John A. Ndon, Ph.D., MT (ASCP)

Associate Professor

[Image] John Ndon

Northwest Quadrant Building B, Room 6511
Phone: (414) 229-4605
Fax: (414) 229-2619
ndon@uwm.edu

Department

Biomedical Sciences

Education

  • Ph.D., Microbiology, Meharry Medical College, 1983


Speaker Topics

  • AIDS in Africa
  • Health in Underdeveloped Countries

Interests & Expertise


Another focus is that genetic variation in drug targets can cause measurable differences in the response of an organism to a drug. Data in this category will document that the biological or physiological response to a drug varies, and that this variation can be associated with the variation of one or more genes. It is also known that genetic variation in processes involved in the absorption, distribution, metabolism, or elimination of a drug can result in changes in drug availability. Investigations in this category are primarily concerned with demonstrating that genetic polymorphisms lead to variations in the levels or concentrations of drugs or their metabolites at the site of action. Finally it is documented that genetic variation can alter results of molecular and cellular functional assays, and this may correlate with variations in the organism’s drug response. Data in this category demonstrate associations between genetic variation and laboratory assays of function at the molecular or cellular level.

As the Director of NIH-Funded Bridges to the Future Program, we are developing partnerships with MATC to work towards eliminating racial and ethnic disparities in health. To solve the crisis of health disparities, we need to work collectively and think outside the box. We have many activities underway and more planned to help students at MATC enter research careers in the Biomedical Sciences.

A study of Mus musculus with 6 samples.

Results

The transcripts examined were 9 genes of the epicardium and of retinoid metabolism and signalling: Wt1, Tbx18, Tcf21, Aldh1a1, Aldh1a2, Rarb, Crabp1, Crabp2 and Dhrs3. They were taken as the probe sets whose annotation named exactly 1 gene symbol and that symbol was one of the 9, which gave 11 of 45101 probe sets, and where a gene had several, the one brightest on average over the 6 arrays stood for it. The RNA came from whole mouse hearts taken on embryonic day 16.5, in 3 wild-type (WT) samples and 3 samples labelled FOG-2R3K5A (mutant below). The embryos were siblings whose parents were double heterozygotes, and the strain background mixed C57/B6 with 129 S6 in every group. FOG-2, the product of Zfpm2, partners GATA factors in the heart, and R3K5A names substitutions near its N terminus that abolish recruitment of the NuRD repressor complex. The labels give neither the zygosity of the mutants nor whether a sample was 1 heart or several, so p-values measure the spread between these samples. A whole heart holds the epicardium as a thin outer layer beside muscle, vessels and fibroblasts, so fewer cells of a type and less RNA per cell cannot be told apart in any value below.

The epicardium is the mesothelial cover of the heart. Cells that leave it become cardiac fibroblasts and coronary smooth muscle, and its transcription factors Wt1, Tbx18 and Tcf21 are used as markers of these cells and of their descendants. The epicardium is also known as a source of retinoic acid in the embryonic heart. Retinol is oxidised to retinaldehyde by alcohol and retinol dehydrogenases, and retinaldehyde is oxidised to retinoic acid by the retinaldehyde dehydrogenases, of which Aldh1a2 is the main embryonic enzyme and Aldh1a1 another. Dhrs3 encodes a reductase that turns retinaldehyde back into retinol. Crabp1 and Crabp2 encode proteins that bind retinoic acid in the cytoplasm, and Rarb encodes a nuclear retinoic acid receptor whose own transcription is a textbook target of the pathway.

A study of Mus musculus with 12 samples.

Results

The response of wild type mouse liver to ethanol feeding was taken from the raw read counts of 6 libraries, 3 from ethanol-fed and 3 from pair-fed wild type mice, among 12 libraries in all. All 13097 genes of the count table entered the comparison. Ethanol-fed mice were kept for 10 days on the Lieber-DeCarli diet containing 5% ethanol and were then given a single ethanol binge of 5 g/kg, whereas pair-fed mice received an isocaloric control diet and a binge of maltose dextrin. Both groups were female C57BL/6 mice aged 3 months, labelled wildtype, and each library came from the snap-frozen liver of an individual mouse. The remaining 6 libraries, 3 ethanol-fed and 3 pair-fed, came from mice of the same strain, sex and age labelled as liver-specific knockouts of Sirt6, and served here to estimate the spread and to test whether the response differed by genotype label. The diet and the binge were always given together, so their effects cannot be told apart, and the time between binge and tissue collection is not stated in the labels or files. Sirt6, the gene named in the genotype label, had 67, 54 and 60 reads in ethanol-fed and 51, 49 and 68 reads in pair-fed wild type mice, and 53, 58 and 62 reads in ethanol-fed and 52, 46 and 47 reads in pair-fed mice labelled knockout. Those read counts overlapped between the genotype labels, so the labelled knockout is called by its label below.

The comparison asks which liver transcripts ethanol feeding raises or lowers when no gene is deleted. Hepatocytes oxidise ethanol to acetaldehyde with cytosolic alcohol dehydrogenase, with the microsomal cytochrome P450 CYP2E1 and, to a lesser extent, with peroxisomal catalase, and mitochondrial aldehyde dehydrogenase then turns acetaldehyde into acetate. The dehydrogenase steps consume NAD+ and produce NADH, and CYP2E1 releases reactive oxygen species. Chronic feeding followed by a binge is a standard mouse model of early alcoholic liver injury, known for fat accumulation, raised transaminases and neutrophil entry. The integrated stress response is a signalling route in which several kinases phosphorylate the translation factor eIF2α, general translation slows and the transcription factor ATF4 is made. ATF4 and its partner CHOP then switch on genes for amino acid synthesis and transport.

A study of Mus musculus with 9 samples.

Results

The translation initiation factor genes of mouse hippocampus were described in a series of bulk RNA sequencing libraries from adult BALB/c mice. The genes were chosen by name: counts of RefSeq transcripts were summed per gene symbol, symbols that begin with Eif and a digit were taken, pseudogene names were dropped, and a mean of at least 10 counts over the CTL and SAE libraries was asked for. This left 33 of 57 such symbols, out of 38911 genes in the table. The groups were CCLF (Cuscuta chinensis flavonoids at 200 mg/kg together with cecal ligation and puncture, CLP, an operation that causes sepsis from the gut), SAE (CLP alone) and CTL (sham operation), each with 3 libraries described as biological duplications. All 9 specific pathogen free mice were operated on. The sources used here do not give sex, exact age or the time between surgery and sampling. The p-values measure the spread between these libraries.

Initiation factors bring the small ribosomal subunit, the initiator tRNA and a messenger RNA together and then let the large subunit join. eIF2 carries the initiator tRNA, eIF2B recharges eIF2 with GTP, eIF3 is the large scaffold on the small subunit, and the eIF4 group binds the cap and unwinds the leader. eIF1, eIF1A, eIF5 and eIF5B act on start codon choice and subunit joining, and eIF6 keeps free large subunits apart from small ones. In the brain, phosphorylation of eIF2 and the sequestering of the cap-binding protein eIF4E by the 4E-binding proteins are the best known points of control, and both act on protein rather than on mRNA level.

Recent Publications

Crockett, J., Ndon, J.A., Sabin, E., Jannetto, P., Gock, S., Jentzen, J.M., & Wong, S.H.Y. Pharmacogenomics supplement with LC-MS drug assays as an adjunct in death certification of Amiltriptyline and Flouxetine fatalities. Society for Forensic Toxicologists.

Wong, S.H, Jannetto, P.J., Sahin, E., Schur, C., Crokeet, J., Ndon, J.A., Mucic, R., & Catania, M. (2002). DNA Electronic Microarray Detection for Pharmacogenomics - Genotyping CYP - 450 Mutations as Molecular Autopsy for Certifying Drug Related Toxicity. Society for Forensic Toxicologists, 33(40).

Wong, S.H, Sahin, E., Jannetto, P.J., Wagner, M.A., Schur, C., Crokeet, J., Ndon, J.A., Risinger, R., Gock, S., & Jenzen, J. (2002). Pharmacogenomics as a Molecular Autopsy- Genotyping CYP450 2D ?3/? 4/?5 for Certifying Antidepressants and Selected Opiods related Toxicity. Society for Forensic Toxicologists, 33, 37-38.